Opinion: Directions on how to escape the “Achievement Gap,” brought to you from a black, male teen

Feature Photo By: Ayden Clayton – Senior David Aggrey sits in the college and career center drafting some of his essays for colleges he applied for. Like Aggrey, many other minorities have to work harder to succeed in their classes. 

By: Ayden Clayton, Review Staff

Have you ever heard of the achievement gap? Most minority students such as African Americans, Hispanics, and Natives usually fall lower in test scores and grades compared to their white and Asian counterparts.

Every column, blog, or article that I’ve read on this topic has information that has never come from a African American, let alone an African American male teen standpoint.

Here is a voice that should be heard: mine.

A recent study on achievement gaps performed by Stanford showed that African Americans were last in almost all academic aspect from standardized tests, grades, attendance, and enrollment in honors to AP and college classes. This is very important because the gap is also prevalent right here at RHS.

There really is a problem in the achievement gap. Look at the facts: 25.8% of African Americans are in poverty according to this most recent census. That’s a quarter of all African Americans in the United States.

Students gather in the College and Career Center working assignments for their classes. (Tahir Springs)

The great majority of these people live in the South and Northeast. The states with the lowest education rates are mostly filled with African Americans, were 30% of African Americans in states like Alabama,West Virginia, Mississippi, Kentucky, and Tennessee live in poverty.

The problem is more about where students live – in poverty or not – and how their lives are being affected due to problems at home affecting classroom behavior or attention in class. This goes for all races, but the trend is that many of the students with families living in poverty drop out of high school, or are just not getting the right education needed and end up on the lowest part of the achievement gap.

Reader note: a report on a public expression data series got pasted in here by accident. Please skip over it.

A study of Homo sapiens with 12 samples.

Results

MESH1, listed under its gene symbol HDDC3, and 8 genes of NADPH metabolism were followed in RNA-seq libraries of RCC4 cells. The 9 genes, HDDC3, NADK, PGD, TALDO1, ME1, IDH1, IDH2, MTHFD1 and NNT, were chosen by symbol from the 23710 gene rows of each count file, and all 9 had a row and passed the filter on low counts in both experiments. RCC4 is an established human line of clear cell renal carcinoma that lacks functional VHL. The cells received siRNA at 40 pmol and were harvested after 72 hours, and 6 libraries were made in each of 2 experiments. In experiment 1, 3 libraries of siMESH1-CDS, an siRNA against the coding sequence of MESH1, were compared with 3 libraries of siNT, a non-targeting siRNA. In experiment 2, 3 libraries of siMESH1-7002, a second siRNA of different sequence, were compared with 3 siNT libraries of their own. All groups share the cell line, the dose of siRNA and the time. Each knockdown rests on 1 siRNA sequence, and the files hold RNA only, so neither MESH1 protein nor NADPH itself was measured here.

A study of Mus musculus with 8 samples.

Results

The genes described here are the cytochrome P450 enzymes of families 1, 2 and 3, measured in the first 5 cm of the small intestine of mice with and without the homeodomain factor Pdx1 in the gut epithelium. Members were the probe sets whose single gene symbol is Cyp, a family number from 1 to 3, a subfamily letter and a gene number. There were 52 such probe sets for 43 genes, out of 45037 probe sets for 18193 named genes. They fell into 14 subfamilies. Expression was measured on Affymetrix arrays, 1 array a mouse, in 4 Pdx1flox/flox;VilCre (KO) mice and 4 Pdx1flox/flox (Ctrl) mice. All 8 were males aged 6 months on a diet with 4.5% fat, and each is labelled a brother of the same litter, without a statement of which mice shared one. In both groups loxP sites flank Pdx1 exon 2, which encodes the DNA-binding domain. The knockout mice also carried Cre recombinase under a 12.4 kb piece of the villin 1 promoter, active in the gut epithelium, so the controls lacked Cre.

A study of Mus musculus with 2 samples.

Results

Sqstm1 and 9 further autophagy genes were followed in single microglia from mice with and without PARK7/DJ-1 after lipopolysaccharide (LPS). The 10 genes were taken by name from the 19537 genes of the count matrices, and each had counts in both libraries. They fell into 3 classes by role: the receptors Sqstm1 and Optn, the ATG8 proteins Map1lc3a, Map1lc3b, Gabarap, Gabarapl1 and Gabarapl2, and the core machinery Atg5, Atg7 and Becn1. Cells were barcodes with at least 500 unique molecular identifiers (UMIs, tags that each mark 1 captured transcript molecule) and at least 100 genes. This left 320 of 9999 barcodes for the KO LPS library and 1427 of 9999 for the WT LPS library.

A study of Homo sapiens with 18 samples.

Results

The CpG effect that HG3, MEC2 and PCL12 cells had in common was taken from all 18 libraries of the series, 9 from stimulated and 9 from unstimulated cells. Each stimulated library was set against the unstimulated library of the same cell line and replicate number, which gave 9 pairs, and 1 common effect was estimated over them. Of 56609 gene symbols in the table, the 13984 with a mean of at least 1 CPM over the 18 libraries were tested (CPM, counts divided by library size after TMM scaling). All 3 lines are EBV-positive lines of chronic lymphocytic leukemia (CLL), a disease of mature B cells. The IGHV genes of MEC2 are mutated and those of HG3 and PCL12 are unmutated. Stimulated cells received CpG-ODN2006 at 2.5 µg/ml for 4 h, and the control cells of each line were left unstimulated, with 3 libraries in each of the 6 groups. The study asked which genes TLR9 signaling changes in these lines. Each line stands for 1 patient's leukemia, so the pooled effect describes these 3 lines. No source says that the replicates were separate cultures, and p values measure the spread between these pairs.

I interviewed English teacher and minority Mr. Carter, who works here at Rangeview High School, and has his own opinion on the topic.

“It’s a hard question, believe it or not, with a simple solution. I believe the achievement gap is a multi-level problem in the education system. The hardest thing about it is telling people it is a significant problem. We can solve it by devoting time and resources to find the problem and we need to address kids from all backgrounds. Kids with better resources usually do better. I think that using standardized tests is somewhat irresponsible because it shows the system has a flaw, and we need to put things into place before we fix it,” said Carter.  

Being a black male, I really do see what is going on, and I believe that it can be resolved. The government needs to keep pushing the movement of equality in education that former president, Barack Obama, introduced. The only opposition I have to Obama’s education structure would be to get rid of standardized tests that his administration seemed to favor.

Obama stated in his Harvard speech, “We’ve still got an achievement gap when black boys and girls graduate high school and college at lower rates than white boys and white girls.”

As a student at Rangeview, I’ve had teachers not pay attention to me and ignore me, but that is not the only issue. I’ve been in numerous AP, honors, and CCA classes throughout my high school career. What I really have noticed were the underprivileged kids being treated differently, almost like the teachers thought of them as troublemakers without even knowing them.

I’ve had many teachers stereotype me about drugs, hip hop, if I have a dad, and more, and it made me pretty uncomfortable to the point where I didn’t want to go to the class. I feel that issues such as these that occur in the classroom make students of color not want to focus, and teachers could probably use better on training on how to teach kids that do not look like them.

It is becoming evident that RHS is in need of a serious sit down with some of our staff, such as the principal, teachers, and all administrators. That way, students can see where their minds are and how they are trying to deal with the way they feel about fair conditions in the classroom.

The administrators should also talk to students – particularly minority students – about our wants and needs so we as students can put some input into their ideas. For the students who are struggling, it would be great to have counselors talk to them and find a way that would help the students improve their academic careers, such as tutoring, staying after school, and more.

I have faced the stereotype of being another dropout who is eventually going to jail, but I use that as inspiration every day. I know that all African American males and females can make a change by letting our voice be heard.

Although I haven’t been through as much as other African American students, I’ve been through enough to have my opinion matter. We — as minorities — can also take responsibility to change this problem by staying in school and voting into our government people who will fund impoverished areas.

As a community we need to fight stereotypes together — we either defeat stereotypes together or become the stereotypes ourselves.